Drinks writer Peter Ranscombe picks five wines to pair with the Christmas banquet.
CHRISTMAS is a time for feasting – celebrating family and friendship over good food and good wine.
Taking that feast outside into a location like The Secret Herb Garden in Edinburgh – as Scottish Field did for its December 2018 issue – makes the occasion extra special.
Dining outside means that we need wines with character that will retain their aromas and flavours in the open air, but which won’t overpower the ingredients in the dishes, especially anything that’s been foraged.
Food-friendly whites like gruner veltliner are great places to start if they have enough intensity to their fruit, while the fresh acidity in pinot noir makes it a great lighter red option.
Deeper red wines like Minervois from the Languedoc in the south of France are ideal winter warmers – whether indoors or out – and what better way to kick-start a feast than with some fizz?
I wish you a peaceful Christmas and Hogmanay – no matter which vinous treats you choose to accompany your feasts.
Gusbourne Estate Brut Reserve, 2014
Bubbly from south of the Border with ripe raspberry and pear to tame its acidity. I’m a huge fan of English sparkling wine, but I do find that some examples still don’t have enough concentrated fruit flavours to balance their acidity. That’s not a problem for winemaker Charlie Holland at Gusbourne in Kent; I’ve been impressed again and again with both his sparkling and still wines, especially the intensity of their flavours. A friend who shares my passion for UK fizz produced a greatly-appreciated bottle of this wine as my birthday bubbles over the summer.
Finest Minervois La Liviniere, 2016
A richer red, full of blackberry and blueberry, ready to match meatier dishes. This is a real warming wine for the winter months and the ideal example of that old adage, “What grows together goes together”. Vineyard managers in the South of France may battle against wild boar but, when it comes to cooking the beasts, their wines can form a perfect pairing, with the high percentage of syrah in this Minervois providing plenty of dark fruit to match the posh piggy in the pie. There’s a hit of tannin that quickly settles down into the background, adding to its food-friendly credentials.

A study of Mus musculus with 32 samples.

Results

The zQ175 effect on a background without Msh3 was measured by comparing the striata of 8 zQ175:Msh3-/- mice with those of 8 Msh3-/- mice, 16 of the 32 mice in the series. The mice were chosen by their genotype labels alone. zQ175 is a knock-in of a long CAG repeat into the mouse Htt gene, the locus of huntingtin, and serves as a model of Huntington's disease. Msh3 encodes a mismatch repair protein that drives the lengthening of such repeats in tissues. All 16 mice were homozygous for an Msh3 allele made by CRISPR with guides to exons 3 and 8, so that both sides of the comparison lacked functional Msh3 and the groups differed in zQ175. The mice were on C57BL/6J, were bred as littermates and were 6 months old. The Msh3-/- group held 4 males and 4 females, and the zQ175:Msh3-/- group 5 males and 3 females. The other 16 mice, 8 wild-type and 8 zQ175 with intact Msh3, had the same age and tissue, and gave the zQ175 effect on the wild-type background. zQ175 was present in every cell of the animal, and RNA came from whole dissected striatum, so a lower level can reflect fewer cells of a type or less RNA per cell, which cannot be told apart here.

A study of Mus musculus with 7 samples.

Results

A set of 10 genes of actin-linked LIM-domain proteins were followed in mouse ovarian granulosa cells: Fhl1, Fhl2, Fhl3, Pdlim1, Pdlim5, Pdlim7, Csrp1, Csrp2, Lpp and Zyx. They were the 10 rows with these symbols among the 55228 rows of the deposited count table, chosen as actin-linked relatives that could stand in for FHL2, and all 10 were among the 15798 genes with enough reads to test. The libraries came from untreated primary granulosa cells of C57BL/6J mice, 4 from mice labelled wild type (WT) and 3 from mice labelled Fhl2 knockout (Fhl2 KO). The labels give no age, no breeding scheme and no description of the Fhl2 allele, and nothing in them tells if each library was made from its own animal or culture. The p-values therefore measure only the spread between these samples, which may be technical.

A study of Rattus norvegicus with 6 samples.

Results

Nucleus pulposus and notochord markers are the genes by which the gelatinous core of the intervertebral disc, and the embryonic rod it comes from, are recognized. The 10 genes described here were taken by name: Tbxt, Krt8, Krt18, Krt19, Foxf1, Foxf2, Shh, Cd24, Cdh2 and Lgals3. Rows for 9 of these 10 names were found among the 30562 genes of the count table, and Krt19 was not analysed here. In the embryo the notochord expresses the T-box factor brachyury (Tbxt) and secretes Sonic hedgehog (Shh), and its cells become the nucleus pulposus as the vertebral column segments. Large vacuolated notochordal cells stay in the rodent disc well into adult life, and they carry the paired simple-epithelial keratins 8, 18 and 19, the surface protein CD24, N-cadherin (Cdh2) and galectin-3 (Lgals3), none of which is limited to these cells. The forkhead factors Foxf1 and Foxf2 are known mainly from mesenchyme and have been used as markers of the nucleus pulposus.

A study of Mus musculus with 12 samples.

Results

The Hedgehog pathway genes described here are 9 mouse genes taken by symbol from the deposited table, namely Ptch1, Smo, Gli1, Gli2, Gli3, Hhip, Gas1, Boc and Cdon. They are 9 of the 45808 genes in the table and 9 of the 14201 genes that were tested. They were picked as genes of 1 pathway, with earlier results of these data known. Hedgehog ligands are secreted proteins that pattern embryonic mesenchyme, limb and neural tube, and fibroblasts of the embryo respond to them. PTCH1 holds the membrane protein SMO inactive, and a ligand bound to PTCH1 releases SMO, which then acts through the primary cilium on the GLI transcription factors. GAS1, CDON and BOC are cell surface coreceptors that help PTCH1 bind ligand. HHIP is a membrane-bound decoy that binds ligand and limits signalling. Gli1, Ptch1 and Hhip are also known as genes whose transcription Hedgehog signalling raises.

Extra Special Marlborough Pinot Noir, 2016
Red cherry and raspberry layered with woodsmoke and spun sugar make this perky pinot great value. Goat can handle a surprisingly-wide range of red wines – especially cabernet sauvignon, more syrah or even malbec, particularly when the meat’s been slung onto a barbecue – but here I’ve opted for the more elegant tones of pinot noir. Asda’s Yarra Valley pinot from Australia has been a mainstay of Scottish Field’s wines for Christmas for years, but this vintage of the Marlborough pinot from New Zealand makes me want to swap Antipodean island. It’s got enough tannin and acidity to sit alongside the goat – and plenty of fruit for balance.
Rabl Gruner Veltliner, 2017
Marks & Spencer
Austria’s flagship white, with ripe red apple and apricot, plus plenty of texture. Gruner veltliner is such a versatile white grape when it comes to food and wine matching and is a bottle for which I always make a beeline when I spot it on a menu. This example from M&S is great value and the perfect introduction to this unsung hero. It’s worthy of its place at any feast, and here it’s fun to try it with the roast leg of goat as an alternative to the pinot noir. Never underestimate textured whites like roussanne or gruner when it comes to winter roasts.
Domaine de Lasserre Jurancon, 2015
A healthy kick of freshness to round off the meal and match the chestnut and pear strudel. There are bonus points on offer if you’ve ever heard of petit manseng or gros manseng, the two grapes used to make this dessert wine from the foothills of the Pyrenees mountains in South-West France. Their acidic freshness is beautifully balanced by flavours of pear, red apple and honey, with a floral aroma on the nose and a peachy finish. The Co-op’s Jurancon is a top performer year-after-year and very versatile when it comes to matching with desserts. For more ideas of what to pair with pears, check-out November 2018’s Wine to Dine column.